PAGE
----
The First Rule Of Development: Nothing will work as expected!
Allow me to be bold with this one, but today I ran again into another one of those environment set up issues that make you question your sanity. No need to get into the details, but ever since the beginning of my career, which has involved quite a bit of J2EE development, one of the things that have amazed me is the ramp up time it took to get started on a project. I am not talking about merely perusing through the code, trying to understand the architecture, get a feel for what’s going on, but simply checking out a project from repository, into Eclipse, and being able to run it on my localhost. “What about the documentation?” I hear you say, you smug devil, and I smile with full teeth at your foolish smugness. Documentation? Who has time for “Documentation”. “Documentation” means one eager programmer like you was kind enough to flesh out the major steps that should get you to where you need, but in development: THE DEVIL IS IN THE DETAILS…
Why is it that nothing ever works as expected?(Hint: Because we need enjoy the gift of debugging to become expert debuggers) “Copy the so and so .jar to the WEB-INF folder, change this line in web.xml and you are good to go!” said the instructions, yet it’s one week later and Tomcat still won’t start. I remember on one of the J2EE projects that i worked on, which was an offshoot of an existing project with a 50+ pages outdated development environment set up document, it took me close to two months to get an environment going. I followed the steps, but with each one a pitfall, a bug, that I had to extract a solution for from the minds of not-always-willing-to-share previous developers. It was so obvious in their minds, but not written in the documentation:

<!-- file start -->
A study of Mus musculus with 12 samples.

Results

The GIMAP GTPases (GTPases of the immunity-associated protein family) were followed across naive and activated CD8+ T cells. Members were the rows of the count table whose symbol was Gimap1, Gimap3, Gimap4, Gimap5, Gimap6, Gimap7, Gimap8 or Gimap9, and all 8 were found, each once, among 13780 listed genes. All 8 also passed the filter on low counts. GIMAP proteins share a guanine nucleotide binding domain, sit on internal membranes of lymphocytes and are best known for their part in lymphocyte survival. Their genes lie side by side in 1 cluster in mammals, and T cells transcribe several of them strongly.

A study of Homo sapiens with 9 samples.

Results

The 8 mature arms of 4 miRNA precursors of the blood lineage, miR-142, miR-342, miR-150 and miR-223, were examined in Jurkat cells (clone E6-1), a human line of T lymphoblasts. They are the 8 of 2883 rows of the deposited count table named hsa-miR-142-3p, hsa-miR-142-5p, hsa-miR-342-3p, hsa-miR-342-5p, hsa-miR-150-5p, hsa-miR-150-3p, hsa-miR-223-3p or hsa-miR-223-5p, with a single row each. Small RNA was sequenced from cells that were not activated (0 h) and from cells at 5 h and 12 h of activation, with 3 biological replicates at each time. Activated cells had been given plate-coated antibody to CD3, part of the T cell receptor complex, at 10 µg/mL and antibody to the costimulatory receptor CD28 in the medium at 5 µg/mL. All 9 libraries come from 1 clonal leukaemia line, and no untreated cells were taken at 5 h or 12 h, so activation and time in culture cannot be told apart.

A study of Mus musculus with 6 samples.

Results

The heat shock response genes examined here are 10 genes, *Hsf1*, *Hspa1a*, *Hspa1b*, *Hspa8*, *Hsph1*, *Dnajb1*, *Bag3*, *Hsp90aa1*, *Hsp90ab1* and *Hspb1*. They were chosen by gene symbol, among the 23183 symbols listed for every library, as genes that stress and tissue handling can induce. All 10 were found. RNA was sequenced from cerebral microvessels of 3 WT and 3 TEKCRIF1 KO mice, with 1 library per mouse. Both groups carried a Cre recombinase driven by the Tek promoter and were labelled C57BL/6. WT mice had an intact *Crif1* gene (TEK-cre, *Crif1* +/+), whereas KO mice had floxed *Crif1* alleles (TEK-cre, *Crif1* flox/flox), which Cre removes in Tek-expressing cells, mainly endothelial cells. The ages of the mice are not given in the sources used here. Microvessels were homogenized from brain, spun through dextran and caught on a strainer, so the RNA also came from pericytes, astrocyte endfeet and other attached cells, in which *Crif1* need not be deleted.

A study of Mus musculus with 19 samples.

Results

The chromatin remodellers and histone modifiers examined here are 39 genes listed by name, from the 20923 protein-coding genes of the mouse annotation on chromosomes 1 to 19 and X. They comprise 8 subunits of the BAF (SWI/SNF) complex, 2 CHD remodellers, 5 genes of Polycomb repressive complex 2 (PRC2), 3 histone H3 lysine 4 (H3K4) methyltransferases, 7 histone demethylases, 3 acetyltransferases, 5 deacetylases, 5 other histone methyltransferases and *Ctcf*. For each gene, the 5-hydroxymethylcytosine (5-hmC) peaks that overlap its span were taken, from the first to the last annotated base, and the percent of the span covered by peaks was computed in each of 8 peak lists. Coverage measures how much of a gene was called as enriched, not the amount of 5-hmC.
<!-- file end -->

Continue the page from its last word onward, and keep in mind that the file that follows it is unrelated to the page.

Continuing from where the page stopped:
“Oh yeah, we had to change this because this and this happened, this is what you need to do…” Thanks, that could have saved me two days!
“Oh that piece of code, unless you are working on this and that you won’t need that!” Thanks, I just spent the last three days trying to get it to work.
Bottom line is that we as developers have to do a better job at documenting what we do (I hope the developers that came upon my documentation agree), and that for the sake of other developers, and not assume that a) it is not such a big deal or b) others will be able to fill in the gaps. I thought J2EE development environments were the worst but I’ve had my share of mishaps in LAMP environments as well. I am curious, though, as I always assumed that .Net programmers must be somewhat free of those problems being that the word was MS did a good job of providing a polished development environment, is the grass greener on the other side? Is it an open source software issue? I am interested in hearing about your experience with how easy (or not) it is to become productive within your chosen programming language and associated development environment.